Derek Wolfe has been on fire since returning from his four-game suspension. Last Sunday against the undefeated Green Bay Packers, he made sure that they, and the nation, remembered his name and number. His performance was a statement—don’t try to run on us. It might be the last puzzle piece in place for an historic defense.
At the start of the third quarter, Green Bay has a 1st-and-10 at their own 20-yard line. They’re trailing, 17-7. Derek Wolfe is at the top of the screen, the last player with his hand in the dirt.
At the snap, RT Bryan Bulaga fires into Wolfe, but catches him on the outside of his numerals, away from the play. Rule 1 of offensive linemen—you always put your helmet between the defender and the ball carrier.
Wolfe drove inward on the snap, gaining leverage on Bulaga and careens down the line. He makes contact behind the line of scrimmage, with Bulaga still trying to slow him from behind. Wolfe smashes into Eddie Lacy (#27) for a 1-yard loss.
The play looked familiar. I suddenly realized that I’d written up a piece on him using the same technique in 2012. I’d seen it since then, too. When Wolfe gets leverage on his offensive lineman, he’s unstoppable. All that had changed was that he was even better at it.
At 13:00 of the third quarter, Wolfe made the same play. Green Bay was at their own 46-yard line, 1st-and-10. Again, Wolfe is at the top with his hand in the dirt. The ball is snapped and again, Bulaga hits Wolfe’s outside numeral. Wolfe slides down the line just as he did before, but this time his target is James Starks (#44). No gain.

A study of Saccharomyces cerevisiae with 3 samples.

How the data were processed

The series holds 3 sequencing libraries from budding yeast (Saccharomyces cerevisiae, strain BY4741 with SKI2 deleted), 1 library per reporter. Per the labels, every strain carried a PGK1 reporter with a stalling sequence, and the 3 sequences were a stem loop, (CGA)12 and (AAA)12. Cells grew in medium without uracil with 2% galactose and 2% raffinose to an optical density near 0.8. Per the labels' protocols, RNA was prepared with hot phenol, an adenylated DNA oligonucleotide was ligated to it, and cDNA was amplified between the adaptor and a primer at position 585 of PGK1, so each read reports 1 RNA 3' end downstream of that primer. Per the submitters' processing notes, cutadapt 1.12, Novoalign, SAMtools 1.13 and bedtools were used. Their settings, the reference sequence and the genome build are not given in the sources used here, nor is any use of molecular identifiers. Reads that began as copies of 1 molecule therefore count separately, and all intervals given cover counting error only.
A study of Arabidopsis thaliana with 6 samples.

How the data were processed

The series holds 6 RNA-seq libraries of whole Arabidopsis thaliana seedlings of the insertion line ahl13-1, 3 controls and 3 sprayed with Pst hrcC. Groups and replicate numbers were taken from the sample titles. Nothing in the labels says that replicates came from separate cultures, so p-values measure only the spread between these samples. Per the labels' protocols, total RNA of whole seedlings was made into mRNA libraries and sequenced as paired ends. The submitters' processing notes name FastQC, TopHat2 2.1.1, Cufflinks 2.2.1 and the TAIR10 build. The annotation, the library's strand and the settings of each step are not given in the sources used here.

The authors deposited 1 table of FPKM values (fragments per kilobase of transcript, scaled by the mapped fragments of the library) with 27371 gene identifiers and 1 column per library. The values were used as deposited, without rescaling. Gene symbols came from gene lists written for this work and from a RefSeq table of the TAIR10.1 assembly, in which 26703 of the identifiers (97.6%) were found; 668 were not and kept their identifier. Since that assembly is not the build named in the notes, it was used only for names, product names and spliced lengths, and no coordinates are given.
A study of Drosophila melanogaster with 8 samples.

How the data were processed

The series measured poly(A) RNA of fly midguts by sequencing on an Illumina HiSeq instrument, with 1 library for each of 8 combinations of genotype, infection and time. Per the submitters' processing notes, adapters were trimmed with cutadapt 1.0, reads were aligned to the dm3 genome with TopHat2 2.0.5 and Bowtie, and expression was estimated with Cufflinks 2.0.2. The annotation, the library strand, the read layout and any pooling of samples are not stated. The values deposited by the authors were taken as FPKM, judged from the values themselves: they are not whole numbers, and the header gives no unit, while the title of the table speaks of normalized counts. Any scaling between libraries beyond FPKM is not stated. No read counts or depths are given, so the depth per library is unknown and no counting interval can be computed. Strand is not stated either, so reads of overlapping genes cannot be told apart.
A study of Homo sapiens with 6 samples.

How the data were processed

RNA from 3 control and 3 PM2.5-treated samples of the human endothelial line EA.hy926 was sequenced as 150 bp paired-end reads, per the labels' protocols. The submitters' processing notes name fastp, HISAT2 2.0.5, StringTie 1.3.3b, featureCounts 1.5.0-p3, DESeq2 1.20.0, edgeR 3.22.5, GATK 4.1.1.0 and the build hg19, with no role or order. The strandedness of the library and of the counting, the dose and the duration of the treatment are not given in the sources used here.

Bulaga was finally called for offensive holding a few plays later, this time on Von Miller's attack.
You can put that down to sheer frustration. The more film I watched, the more I noticed Green Bay’s O-line holding, putting hands to the facemask, etc. It’s true that some penalty is there on every play, but this had gone beyond that. It was an unbeaten O-line's last ditch effort to get anything going. It didn’t work.
Wolfe was unstoppable, racking up seven tackles, three of them solo, to lead the Broncos. His performance won him the AFC Defensive Player of the Week award. It’s a rare thing for a 3-4 DE to lead an NFL team in tackles, but it’s indicative of the kind of inexorable play that’s normal for this man.
Wolfe is utterly relentless. As an example, at 9:53 of the third quarter, following Bulaga’s holding call, Green Bay is at 3rd-and-14. Wolfe slips to the ground after contacting #70, RG T.J. Lang coming off the line. Lang fires off into the second level. As Wolfe gets up, he’s already analyzing the play. He takes off across the open field, changes his angle to hit the RB earlier, and tackles Starks, who’d received a swing pass, with abandon. It put Green Bay at 4th-and-long.
Sam Monson has suggested that we may be watching the best defense in the history of the NFL. I’m not ready to go there, simply because it’s only Game 8 for this group. Even so—they could well be. They are deep, hostile, aggressive and destructive. Elway has built the defense he wished he had, and he’s done it with incredible skill. Derek Wolfe is a major piece of that attacking edifice.
All animated images via NFL Game Pass.